A Blessing, or a Curse?
At this time last year, unbeknown to many, the community and much of the gaming world was watching the first direct sequel since Sonic 3 & Knuckles play before our eyes, whether Sega wanted them to or not.
The slow, complete, days long video leak of a early Sonic the Hedgehog 4: Episode I from PartnerNET left many on edge, many more firmly disenfranchised, and likely left Sega wondering if it could ever truly trust a community it tried to forge inroads with. Among other things, it prompted Sega to issue advisories to hundreds of media outlets not to pick up the news, it left those who did (like this one) wallowing in legal threats, and it may even forced Microsoft’s hand as they shut down the developer-only service temporarily after Episode I’s final area was revealed to the world.
But it wasn’t like there was advance warning. In February, a detailed account of the game was disclosed by Endri Lauson, detailed enough that Sega’s Aaron Webber issued a stern warning when Lauson claimed he would release the PartnerNET build publicly. This, as still images, including the game’s first boss, unreleased by Sega at the time, creeped their way into public view, mostly through Sonic Retro.
Lauson never followed through on his remarks. But someone else did. To date we still only know him as infinity. During the last week of March in 2010, infinity started releasing videos of the game’s four main stages, in order, followed by the final boss, a special stage, and the game’s spoiler ending. All of it happened within a week, with moderators on Sonic Retro barely able to keep up. The last released pieces to the puzzle was enough to send Retro’s top administrators into a rage, as they temporarily shut down all Sonic 4 discussion and privately deliberated how to move forward. All the while, much of the community was puzzled as to why Retro administrators waited so long to curb the leaks.
Sega vowed to track down infinity and claimed his actions were illegal; to date there is no indication Sega followed through on that promise.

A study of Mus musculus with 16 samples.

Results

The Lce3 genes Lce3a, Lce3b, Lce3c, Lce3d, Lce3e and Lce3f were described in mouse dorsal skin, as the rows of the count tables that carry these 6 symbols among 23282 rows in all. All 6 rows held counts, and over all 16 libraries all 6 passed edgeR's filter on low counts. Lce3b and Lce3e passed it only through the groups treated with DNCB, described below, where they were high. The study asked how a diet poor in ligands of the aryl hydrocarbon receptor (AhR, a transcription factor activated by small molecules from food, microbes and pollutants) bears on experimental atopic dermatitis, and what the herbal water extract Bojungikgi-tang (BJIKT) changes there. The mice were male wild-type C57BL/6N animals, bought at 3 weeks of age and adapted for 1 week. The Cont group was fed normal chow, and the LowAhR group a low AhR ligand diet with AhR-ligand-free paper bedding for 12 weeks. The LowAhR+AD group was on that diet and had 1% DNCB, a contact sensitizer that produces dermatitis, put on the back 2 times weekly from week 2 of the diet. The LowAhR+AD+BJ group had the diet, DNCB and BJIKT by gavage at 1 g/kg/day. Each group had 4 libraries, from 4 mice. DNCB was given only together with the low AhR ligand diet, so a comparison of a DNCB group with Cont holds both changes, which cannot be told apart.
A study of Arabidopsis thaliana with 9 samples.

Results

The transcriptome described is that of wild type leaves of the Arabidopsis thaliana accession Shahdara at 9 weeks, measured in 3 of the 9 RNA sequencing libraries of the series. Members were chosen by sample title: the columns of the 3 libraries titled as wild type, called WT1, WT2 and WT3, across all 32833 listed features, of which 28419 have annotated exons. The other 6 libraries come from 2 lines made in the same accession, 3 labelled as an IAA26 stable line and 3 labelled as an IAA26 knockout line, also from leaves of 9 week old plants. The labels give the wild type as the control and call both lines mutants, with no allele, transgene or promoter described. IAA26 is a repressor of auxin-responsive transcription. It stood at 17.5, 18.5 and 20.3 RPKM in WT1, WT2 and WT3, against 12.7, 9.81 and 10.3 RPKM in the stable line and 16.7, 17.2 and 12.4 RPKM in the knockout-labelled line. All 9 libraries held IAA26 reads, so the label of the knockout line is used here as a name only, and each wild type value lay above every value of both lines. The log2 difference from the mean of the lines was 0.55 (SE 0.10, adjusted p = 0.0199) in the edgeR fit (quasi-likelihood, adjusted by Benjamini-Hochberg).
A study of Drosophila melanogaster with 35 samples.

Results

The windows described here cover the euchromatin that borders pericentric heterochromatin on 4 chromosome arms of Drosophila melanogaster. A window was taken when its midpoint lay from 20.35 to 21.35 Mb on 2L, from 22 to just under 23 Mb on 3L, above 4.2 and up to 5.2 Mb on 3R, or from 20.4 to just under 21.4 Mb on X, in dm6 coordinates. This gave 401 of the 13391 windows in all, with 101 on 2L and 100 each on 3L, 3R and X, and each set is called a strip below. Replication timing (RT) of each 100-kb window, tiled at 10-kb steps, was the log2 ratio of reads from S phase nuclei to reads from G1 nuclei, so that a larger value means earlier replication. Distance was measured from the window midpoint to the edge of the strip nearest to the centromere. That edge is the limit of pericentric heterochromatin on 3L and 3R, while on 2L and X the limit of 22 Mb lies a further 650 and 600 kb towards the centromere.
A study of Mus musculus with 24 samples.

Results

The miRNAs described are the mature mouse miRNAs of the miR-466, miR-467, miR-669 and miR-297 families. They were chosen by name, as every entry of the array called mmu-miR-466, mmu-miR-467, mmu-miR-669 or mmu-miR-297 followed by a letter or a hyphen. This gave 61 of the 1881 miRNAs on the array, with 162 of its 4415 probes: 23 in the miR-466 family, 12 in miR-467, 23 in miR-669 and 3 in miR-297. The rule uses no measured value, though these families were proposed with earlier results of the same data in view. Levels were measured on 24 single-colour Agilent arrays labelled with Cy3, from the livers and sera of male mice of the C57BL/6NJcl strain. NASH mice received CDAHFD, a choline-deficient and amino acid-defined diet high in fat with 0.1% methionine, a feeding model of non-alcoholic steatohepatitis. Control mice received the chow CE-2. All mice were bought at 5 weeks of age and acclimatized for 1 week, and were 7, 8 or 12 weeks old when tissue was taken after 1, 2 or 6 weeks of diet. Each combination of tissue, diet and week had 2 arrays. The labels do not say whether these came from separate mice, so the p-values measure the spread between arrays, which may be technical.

For Sega, it was the latest in a long line of miscues and errors revealing major Sonic fare to the world. The Sonic 4 leaks marked the fourth time in two years Sega could not keep a project under wraps. The first bits of Sonic Unleashed were found in 2008 when Sega left contents meant for a magazine easily accessible on its public FTP; that site was deactivated shortly after the Sonic 4 leaks. In 2009, Mario and Sonic at the Olympic Winter Games was leaked in Europe a couple weeks before the proper launch, prompting several YouTube videos exploring the game. And not three months prior to the Sonic 4 leaks, we found, through the combination of an anonymous news tip and unfettered access, the full roster to Sonic and Sega All-Stars Racing more than a month before the game’s launch. To their credit, Sega’s kept the lid airtight ever since the Sonic 4 leaks, although the jury’s still out on the accuracy of remarks made by a Sega Spain employee in October concerning the planned 20th anniversary game.
For fans, the Sonic 4 leaks may have been a blessing in disguise. Without them, many believe, the game would have moved forward with its planned June launch timetable as-is, instead of given extra time. Our reporting late in the year suggested internal focus groups agreed with many fans’ negative assessment. But with only two revised stages, little if any physics changes, and a world map interface to show for the extension, many of the more hardened among us remained unphased upon release.
That leads to now. Sonic’s 20th anniversary is less than 3 months away. All within Sega have been dead silent on what’s to come. It is all but certain Episode II is coming; whether it will be without warning is anyone’s guess. That’s why Sonic Colors, despite it being a distant memory, deserves mention. Colors was announced sight unseen, then handled quite traditionally, compared to the months of build up Project Needlemouse provided to Sonic 4. With Colors, there were comparatively smaller expectations, all kept in check, and nowhere to go but up given Sonic Unleashed‘s poor media reviews. While both Colors and Episode I fared well with the press, only the former won the hearts and minds of fans almost universally.
In those same footsteps, Sega’s newly discovered shroud of secrecy is so far all they’ve learned from their questionable handling of Episode I. For many fans it will not be enough. Many will not settle for anything less than a revamped physics engine in Episode II, and in the absence of it, some have, as has occurred before, threatened to walk away from the franchise forever. But when Episode I was leaked, for a tiny moment, Sega could have walked away from all of us. Some will argue they have, ignoring loud, prevalent concerns about the title’s future. All things considered, that ignorance could have been far worse and far reaching.
Our poll, active until the end of next week, asks for your opinion on whether the Sonic 4 leaks were good for the community. You can talk about that, and whether it was ultimately good for Sega, below in the comments.